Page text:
A man has been arrested as a police investigation into a spate of illegal sheep butchery across Northamptonshire continues.
Dozens of lambs and sheep have been killed and butchered for their meat on farms in Crick, Whilton, Clipston, Kelmarsh and Rushton over the past three weeks.
On Wednesday (July 24), a 40-year-old Hampshire man was arrested on suspicion of criminal damage and theft as part of Operation Stock - he has been released under investigation.
Detective Inspector Johnny Campbell, the senior investigating officer for the operation, said: “We’re taking this fast-moving investigation very seriously with a dedicated team following a number of lines of inquiry into these awful crimes.
“One man arrested in connection with these incidents has been released under investigation, with inquiries ongoing as our investigators and the rural crime team work tirelessly to bring those responsible to justice.
“We’re receiving lots of intelligence into CID regarding Operation Stock and I’d like to thank everyone who has reported suspicious activity to us.
"These reports are vital to our work and I’d urge anyone with potentially relevant information to contact us via 101 or online.”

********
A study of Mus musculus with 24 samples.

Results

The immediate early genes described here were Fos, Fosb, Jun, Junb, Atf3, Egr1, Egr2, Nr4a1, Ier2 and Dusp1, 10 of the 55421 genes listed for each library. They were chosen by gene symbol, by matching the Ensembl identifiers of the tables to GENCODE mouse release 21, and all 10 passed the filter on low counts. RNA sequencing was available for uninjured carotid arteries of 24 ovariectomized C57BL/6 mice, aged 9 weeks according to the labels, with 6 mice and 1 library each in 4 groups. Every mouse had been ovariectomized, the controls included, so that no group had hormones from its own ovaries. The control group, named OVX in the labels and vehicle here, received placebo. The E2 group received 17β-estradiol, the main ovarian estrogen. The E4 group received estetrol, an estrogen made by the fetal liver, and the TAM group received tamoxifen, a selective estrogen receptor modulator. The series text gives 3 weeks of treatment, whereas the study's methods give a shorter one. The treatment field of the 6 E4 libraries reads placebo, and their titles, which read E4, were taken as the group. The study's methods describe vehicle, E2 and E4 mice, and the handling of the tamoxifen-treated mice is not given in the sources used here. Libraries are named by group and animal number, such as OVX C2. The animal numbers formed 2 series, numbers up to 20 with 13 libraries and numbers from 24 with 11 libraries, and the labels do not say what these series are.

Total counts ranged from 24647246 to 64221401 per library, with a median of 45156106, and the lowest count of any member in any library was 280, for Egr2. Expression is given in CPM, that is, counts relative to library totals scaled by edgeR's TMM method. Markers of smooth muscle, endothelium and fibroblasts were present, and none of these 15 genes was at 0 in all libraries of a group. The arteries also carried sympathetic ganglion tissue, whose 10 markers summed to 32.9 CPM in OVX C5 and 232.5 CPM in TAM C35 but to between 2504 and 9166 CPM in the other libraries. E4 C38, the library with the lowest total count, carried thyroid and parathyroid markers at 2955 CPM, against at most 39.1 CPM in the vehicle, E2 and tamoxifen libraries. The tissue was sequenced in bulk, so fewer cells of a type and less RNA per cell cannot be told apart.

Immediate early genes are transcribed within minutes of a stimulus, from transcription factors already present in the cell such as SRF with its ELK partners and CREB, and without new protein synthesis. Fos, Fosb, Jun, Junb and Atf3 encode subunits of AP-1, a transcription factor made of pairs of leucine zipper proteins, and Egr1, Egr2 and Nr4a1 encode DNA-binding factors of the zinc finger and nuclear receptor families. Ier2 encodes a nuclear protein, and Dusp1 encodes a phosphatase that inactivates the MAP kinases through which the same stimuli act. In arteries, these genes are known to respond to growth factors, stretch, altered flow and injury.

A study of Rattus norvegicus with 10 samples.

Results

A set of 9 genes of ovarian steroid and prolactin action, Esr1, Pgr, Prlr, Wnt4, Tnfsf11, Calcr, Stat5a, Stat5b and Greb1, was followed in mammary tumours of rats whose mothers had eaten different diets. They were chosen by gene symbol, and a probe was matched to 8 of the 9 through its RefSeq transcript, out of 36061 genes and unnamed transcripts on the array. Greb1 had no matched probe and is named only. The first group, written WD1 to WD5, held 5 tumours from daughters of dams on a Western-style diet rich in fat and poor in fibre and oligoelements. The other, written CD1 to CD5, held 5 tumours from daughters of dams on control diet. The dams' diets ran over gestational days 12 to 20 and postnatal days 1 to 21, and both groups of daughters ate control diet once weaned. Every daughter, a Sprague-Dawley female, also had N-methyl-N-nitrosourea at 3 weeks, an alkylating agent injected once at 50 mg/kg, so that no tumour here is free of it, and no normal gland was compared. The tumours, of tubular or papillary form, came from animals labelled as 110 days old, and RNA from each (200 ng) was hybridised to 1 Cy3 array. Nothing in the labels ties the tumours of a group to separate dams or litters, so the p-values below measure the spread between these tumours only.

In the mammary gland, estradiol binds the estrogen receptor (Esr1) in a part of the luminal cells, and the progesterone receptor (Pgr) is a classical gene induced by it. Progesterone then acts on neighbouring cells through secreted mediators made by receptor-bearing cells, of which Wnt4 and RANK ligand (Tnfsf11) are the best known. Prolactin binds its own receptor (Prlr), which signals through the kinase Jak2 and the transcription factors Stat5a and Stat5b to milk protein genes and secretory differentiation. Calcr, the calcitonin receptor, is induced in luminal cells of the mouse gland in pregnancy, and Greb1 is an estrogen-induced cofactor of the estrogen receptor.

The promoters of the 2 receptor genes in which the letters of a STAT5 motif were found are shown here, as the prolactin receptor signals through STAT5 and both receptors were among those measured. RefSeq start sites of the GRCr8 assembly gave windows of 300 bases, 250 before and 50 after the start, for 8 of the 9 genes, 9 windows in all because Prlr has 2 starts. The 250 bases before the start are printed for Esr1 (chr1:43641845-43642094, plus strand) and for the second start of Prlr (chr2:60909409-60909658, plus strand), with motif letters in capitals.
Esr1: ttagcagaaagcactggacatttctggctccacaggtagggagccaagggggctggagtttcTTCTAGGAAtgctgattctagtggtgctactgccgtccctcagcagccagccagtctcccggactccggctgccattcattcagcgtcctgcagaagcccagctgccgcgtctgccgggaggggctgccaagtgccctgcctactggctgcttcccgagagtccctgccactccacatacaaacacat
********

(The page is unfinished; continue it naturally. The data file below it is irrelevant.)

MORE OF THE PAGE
Farmers and their families have been horrified to find the butchered remains of their livestock in Northants and neighbouring counties, while a lamb was tied up with electrical fencing in Moulton.
The National Farmers' Union estimates suggest that more than 100 sheep have been illegally slaughtered in Northamptonshire since March.
Police have been carrying out forensic examinations and dedicated rural patrols, as well as organising a meeting with around 130 farmers and issuing warnings about buying meat to raise awareness.
Inspector Tracy Moore, rural crime lead at Northamptonshire Police, added: “We’re aware of the impact these dreadful incidents have had on our farming community, and our dedicated Operation Stock police patrols continue around the clock.
“We’re also working with partners and the community to provide reassurance and advice, including the distribution of livestock warning signs kindly funded by the office of the police, fire and crime commissioner.
“Our neighbourhood policing and rural crime teams are working closely with investigators in CID, and I’d repeat our previous messages to encourage anyone who sees anything suspicious to call us on 101 quoting Operation Stock, or 999 in an emergency.”